Bob Howell

Paula and I have become the “cat whisperer” in our neighborhood. And it’s not like we set out to become any kind of whisperer ... cat, dog or possum. 

However, there’s no doubt about it. We talked about it on our way home last weekend. Just since we’ve been in Montgomery, it’s like stray cats have posted a sign in our yard that’s visible only to other cats looking for a home ... permanent, or part time. 

I think food has a lot to do with it.

We hadn’t been in Montgomery for more than a few months when a tiny kitten managed to climb up on the windowsill and start yelling his lungs out. Just to stop the incessant noise, we brought the little guy inside and whipped up a late night meal fit for a kitty his size. I think all we had in our pantry that would suffice was a can of tuna. THAT hit the spot as far as he was concerned. After that meal, the unnamed kitten started to clean himself and subsequently curled up on a spot on the couch and was out like the proverbial light.  

We knew there was a “no pets” policy at the apartment complex where we lived ... but by the second or third day ... we were hooked. We gave him the name Sadat ... after Anwar Sadat of Egypt. Looking back, it seems like a rather odd choice ... but he was stuck with it. Sadat eluded the apartment managers that came and went in the three years we lived there.

The next feline to join our family was a little female we named “Cleo.” Paula's dad came up with that moniker that stuck for the nearly 20 years she was alive.

Next from the long list of cats that found us was Bill, who was just a tiny kitten with huge paws and ears. And, yes, he grew to be a big cat to match his ears and paws. We found Bill in a parking lot when we went for our regular Sunday night Chinese food outing. He was hiding beneath a group of used cars ... and was covered in fleas. Thankfully, he cleaned up well.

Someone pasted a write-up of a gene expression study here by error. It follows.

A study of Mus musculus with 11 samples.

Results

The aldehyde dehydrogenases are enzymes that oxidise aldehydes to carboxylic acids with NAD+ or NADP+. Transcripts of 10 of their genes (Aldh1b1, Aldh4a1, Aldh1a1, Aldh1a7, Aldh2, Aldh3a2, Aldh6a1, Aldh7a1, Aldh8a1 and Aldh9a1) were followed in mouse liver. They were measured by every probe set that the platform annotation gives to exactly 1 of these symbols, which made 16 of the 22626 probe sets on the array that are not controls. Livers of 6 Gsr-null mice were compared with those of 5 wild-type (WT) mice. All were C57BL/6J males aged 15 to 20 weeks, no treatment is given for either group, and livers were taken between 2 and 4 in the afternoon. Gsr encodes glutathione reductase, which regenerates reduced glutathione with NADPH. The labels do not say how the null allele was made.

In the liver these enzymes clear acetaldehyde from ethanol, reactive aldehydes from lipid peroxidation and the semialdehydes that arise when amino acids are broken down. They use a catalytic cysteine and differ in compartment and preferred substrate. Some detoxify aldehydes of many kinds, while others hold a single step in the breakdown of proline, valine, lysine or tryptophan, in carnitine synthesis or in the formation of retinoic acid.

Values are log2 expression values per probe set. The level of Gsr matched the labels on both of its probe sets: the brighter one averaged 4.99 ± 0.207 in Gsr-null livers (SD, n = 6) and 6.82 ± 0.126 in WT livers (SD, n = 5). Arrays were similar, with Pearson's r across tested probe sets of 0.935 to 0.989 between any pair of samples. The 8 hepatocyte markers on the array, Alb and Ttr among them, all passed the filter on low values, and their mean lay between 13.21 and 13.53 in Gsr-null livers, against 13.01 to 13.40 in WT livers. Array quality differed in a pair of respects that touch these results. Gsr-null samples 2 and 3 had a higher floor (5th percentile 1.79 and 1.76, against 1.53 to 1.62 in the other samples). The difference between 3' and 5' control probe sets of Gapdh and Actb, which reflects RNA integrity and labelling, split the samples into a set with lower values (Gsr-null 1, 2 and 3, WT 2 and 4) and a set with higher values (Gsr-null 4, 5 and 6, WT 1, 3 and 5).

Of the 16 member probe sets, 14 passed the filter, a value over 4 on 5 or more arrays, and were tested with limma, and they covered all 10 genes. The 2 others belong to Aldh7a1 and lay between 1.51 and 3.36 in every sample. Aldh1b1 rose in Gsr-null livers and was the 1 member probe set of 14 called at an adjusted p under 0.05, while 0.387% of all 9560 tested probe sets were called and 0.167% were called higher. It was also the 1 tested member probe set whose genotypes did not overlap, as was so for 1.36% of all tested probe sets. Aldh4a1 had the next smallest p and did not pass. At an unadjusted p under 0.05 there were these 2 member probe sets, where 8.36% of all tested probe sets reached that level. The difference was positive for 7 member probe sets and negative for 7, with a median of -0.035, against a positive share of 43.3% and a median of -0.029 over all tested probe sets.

Another of our foundlings was a solid black cat that our sons named, appropriately, Kitty. A lot of thought went into that decision. Kitty lived up to his wild nature. He would go hunting in the field behind our house and drop his kill on the patio. We never could take the wild out of Kitty.

When we moved into the house we live in today, the cat community went to work directing homeless cats to our house. The top of the list was a cat we named B.C. (for black cat). He was unrelenting in his attempts to come inside the house where our “inside cats” lived. 

I can remember a little boy coming down to our house asking if B.C. was there. I would find him and give him back to the youngster, only to have B.C. right back on our patio not 10 minutes later. I told the young man that we were not trying to force his cat to come and live with us. But it did no good. 

After the young man made five or six tries at getting his cat back over the next few months, he gave up and B.C. lived out the rest of his years at our place.

Finally, I’ll skip ahead to the latest cat whisperer incident. This one has a twist to it. When our neighbor JH moved in, he brought Carl to the neighborhood. After a week or so, Carl decided his cat life would be lived out better on our patio. His owner, JH, said Carl did a similar thing when he and his human family lived in an older Montgomery neighborhood. 

Then came Sis, the young female who belongs to JH’s son. She has since started spending most of her waking hours with Carl in our backyard and patio. The son knew Sis was eating somewhere, so today JH brought over a 16-pound bag of cat food!

That just goes to show you that it is hard to separate a cat from a tasty meal — not to mention plenty of good head scratching.